Art Düsseldorf will open its doors to the public from November 17th to 19th, inviting visitors to check out its large galleries full of well-known participants.
Ever since the new fair was announced, it has created suspense – partly because Swiss trade fair company MCH, which also organizes the famed global art fair, Art Basel, has had a hand in organizing Art Düsseldorf too.
The strong Rhineland art region is likely to have been one of the reasons why MCH decided to get on board. Over the past few years, there had been a few attempts to establish art fairs in Düsseldorf, but all were made in vain.
Interest in Düsseldorf’s lively art scene and its abundance of collectors can be seen in the fact that altogether 270 participants registered to take part in the new fair. But Art Düsseldorf organizers announced in September there would be only be about 80 participants “for reasons of space.”
Among the 80 participants are international heavyweights.
David Zwirner and Marlborough Contemporary from New York will be present as well as other galleries from the US, Austria, Belgium, the Netherlands and Luxembourg. Gallery owners from Israel, Japan, Turkey and Uruguay have also been invited.
But there will be local galleries present too. Around 20 galleries will represent Cologne and Düsseldorf, including Michael Werner, Thomas Rehbein, Hans Mayer, Schönewald and Van Horn.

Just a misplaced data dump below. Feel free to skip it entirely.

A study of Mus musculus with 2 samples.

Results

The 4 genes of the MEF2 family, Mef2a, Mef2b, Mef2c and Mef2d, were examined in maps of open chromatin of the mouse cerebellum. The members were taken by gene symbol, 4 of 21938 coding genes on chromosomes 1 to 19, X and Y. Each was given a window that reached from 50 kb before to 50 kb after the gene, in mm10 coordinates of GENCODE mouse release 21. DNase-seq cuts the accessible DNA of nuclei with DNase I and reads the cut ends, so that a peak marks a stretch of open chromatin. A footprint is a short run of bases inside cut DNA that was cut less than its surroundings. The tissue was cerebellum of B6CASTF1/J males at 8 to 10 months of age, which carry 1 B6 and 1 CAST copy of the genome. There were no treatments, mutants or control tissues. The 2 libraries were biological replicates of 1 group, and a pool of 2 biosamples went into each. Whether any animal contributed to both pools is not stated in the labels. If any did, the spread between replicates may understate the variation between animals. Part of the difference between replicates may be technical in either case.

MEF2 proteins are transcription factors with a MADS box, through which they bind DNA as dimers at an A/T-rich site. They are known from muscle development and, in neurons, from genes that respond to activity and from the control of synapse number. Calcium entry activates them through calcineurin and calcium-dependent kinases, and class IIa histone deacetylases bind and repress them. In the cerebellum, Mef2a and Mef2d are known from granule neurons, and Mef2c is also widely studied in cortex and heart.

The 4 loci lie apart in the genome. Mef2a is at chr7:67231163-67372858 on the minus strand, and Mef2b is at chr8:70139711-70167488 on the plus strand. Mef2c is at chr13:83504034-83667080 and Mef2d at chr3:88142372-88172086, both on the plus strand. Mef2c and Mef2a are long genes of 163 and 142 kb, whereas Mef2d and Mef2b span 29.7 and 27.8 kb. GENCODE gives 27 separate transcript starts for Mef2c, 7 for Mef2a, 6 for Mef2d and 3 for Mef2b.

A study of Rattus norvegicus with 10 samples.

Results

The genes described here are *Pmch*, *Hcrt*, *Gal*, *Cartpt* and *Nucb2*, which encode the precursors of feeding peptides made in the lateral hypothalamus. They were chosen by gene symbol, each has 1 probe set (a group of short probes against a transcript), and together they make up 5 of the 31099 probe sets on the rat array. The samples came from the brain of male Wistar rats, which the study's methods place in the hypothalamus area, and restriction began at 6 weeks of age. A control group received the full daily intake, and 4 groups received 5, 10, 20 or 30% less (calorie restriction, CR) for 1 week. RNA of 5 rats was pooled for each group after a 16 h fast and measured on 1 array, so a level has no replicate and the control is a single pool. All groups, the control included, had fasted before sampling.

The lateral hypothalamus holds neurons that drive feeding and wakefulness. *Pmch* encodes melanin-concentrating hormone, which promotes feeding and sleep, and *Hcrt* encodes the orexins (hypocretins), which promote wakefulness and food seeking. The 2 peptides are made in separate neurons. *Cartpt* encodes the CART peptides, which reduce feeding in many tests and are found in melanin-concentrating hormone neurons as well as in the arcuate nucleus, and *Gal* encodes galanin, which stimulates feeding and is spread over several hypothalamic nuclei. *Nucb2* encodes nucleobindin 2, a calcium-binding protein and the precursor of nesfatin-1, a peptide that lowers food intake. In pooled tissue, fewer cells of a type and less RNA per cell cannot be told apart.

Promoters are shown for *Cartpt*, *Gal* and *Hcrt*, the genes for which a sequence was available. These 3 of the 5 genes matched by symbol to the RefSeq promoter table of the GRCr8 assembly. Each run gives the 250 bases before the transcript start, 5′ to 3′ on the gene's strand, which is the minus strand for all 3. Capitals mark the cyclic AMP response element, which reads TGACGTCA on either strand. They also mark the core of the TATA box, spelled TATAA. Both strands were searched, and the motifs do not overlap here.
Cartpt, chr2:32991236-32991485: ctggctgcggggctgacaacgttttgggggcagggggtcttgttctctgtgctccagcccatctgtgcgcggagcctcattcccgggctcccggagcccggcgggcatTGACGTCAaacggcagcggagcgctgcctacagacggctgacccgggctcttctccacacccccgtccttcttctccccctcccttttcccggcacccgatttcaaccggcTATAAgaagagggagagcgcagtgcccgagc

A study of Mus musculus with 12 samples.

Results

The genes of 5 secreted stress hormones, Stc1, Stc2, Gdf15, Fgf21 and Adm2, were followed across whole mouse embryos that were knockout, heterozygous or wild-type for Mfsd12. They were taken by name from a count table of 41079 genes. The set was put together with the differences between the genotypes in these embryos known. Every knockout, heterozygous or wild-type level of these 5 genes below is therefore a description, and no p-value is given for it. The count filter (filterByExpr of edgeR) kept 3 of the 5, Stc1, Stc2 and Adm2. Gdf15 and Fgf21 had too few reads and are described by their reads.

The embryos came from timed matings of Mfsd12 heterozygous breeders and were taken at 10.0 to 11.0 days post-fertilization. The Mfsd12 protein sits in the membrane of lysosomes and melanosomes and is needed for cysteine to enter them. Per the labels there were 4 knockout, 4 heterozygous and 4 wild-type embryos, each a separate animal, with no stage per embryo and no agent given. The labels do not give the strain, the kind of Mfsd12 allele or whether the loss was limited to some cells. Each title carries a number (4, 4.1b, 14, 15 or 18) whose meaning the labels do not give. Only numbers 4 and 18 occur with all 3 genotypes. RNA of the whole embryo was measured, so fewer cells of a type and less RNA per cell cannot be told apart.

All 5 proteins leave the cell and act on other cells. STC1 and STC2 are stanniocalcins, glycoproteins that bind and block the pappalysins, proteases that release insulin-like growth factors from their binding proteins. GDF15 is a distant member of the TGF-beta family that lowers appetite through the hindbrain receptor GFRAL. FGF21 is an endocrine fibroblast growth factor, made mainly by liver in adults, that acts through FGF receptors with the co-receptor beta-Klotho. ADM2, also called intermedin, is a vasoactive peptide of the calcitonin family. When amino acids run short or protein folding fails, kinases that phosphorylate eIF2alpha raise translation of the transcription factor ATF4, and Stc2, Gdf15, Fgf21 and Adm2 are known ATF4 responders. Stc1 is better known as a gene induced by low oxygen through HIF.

About 50 kilometres away from Düsseldorf in the neighbouring city of Cologne, annual fair Art Cologne – much larger than Art Düsseldorf – hosted around 200 participants last April.
But there are no overlaps between the two fairs, according to Art Düsseldorf director Walter Gehlen, who pointed out that a large number of participants in his fair are also represented in major international exhibitions and many of them are using the new fair as a platform parallel to Art Cologne.
Young collectors are an important target group in the art fair market, Gehlen added.
Art Cologne is held annually in April. Photo: DPA.
Skeptics initially feared that Art Düsseldorf would split the Rhineland art scene.
In April Art Cologne boss Daniel Hug had even accused MCH of “colonialism”.
But Gehlen disagrees. “Colonization is a process that involves oppression, exploitation and threat,” he said. “Our exhibitors are very happy to come voluntarily because they are convinced by Art Düsseldorf’s concept.”
In June, Art Basel boss Marc Spiegler said: “Each trade fair generates new markets and new collectors.”
Nevertheless, organizer of Art Cologne, Kölnmesse, has already taken matters into its own hands.
In September, Kölnmesse for the first time helped organize Art Berlin, an exhibition during Berlin Art Week. This was done with the aim to develop Art Berlin into a leading art fair alongside Art Cologne.
One of the main drawbacks about the Berlin art scene though is that there still aren’t many buyers and collectors there – these people are more often found in the Rhineland, Belgium or France.